26 April 2009

GAO provides an update on the recession's impact on US commercial aviation

In April 2009 the United States Government Accountability Office (GAO) released a 58-page report entitled Commercial Aviation - Airline industry contraction due to volatile fuel prices and falling demand affects airports, passenger and Federal Government revenues.

ICAO Diplomatic Conference looking to replace Rome Convention 1952

A diplomatic conference being held at the International Civil Aviation Organization (ICAO) in Montreal from 20 April to 2 May 2009 is examining the legal issue of compensation caused by aircraft to third parties from acts of unlawful interference or from general risks.

The two draft conventions being considered are intended to replace the Rome Convention 1952 and the Montreal Protocol 1978. Information on parties to these treaties is available from ICAO here. They have not been that widely adopted, with the main treaty having 49 parties and the protocol only 12 parties.

Neither Australia nor New Zealand are parties to the Rome Convention. In New Zealand this area of law is covered by an accident compensation scheme and s.97 of the Civil Aviation Act. In Australia the relevant law is the Damage by Aircraft Act 1999. Australia and Canada were parties to the Rome Convention but withdrew.

New arrangements for air services between Italy and Taiwan

Reports dated 22 April 2009 in the China Post and Taipei Times carry news from the Taiwan Civil Aeronautics Administration that new arrangements negotiated with Italy provided for new air routes, additional capacity and dual designation of airlines.

Japan opens up to Canada in air rights deal

On 9 April 2009 Canadian Ministers announced the conclusion of new bilateral air services arrangements with Japan that will allow Canadian airlines unlimited access to airports outside of the Tokyo area and limited access to Haneda airport.

Singapore and Malaysia agree on new air routes and increased capacity

On 14 April 2009 the Singapore Ministry of Transport announced that Malaysia and Singapore had agreed to new routes and increased frequency of air services opportunities for the airlines of their two countries under their bilateral air services agreement.

This followed an earlier 6 October 2008 announcement about the outcome of negotiations that created opportunities for the low-cost carriers of the two countries on three East Malaysia-Singapore routes.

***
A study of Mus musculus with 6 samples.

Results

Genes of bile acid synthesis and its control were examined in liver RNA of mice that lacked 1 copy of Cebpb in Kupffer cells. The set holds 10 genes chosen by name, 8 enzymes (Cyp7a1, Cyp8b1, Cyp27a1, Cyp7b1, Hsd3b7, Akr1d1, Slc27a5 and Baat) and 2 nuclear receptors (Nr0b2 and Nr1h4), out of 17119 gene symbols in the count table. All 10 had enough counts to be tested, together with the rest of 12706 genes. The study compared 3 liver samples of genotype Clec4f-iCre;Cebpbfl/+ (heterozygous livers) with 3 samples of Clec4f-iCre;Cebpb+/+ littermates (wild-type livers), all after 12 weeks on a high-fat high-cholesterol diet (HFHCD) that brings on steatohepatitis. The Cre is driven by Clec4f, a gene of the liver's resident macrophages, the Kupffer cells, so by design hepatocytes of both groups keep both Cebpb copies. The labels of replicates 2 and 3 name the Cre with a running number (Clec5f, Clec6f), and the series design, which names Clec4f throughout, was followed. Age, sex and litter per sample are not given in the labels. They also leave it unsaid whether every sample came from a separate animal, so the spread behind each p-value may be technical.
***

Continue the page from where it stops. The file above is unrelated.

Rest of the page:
Options for extending domestic aviation security in New Zealand released

On 23 April 2009 the New Zealand Minister of Transport, Hon Steven Joyce, released a statement (including questions and answers) and a summary report of a domestic aviation security review that includes options for extending the screening of passengers on domestic flights by the Aviation Security Service to additional airports (see previous post).

No decision has yet been made by the New Zealand Cabinet.

Kuwait signs "open skies" agreements with Thailand and Brunei

On 22 February 2009 the Thai News Agency reported that Thailand had signed an "open skies" air services agreement with Kuwait.

On 14 April 2009 the Brunei Times reported that Brunei had signed an "open skies" air services agreement with Kuwait.

These moves follow the signing of "open skies" agreements between Kuwait and separately Singapore (see previous post), Cambodia, Laos and Myanmar last year (see 9 September 2008 report from Peanuts!).

Fiji negotiates air services arrangements with Hong Kong

The interim Fiji Government announced on 22 April 2009 that it has signed a Confidential Memorandum of Understanding with Hong Kong. This included the initialling of an Air Services Agreement (ASA).

Air Pacific
(FJ), part owned by oneworld alliance member Qantas, is now planning to commence air services between Nadi and Hong Kong in December 2009. The announcement imples that Air Pacific will look to enter into a commercial arrangements with Cathay Pacific, also a member of oneworld.

Fijilive reported on 2 April 2009 that Air Pacific is exploring the possibility of codesharing on Noumea-based Aircalin after recently ceasing operating to Japan. This would require amending the Fiji-Japan ASA to allow for third-country code share and an intermediate point in Noumea.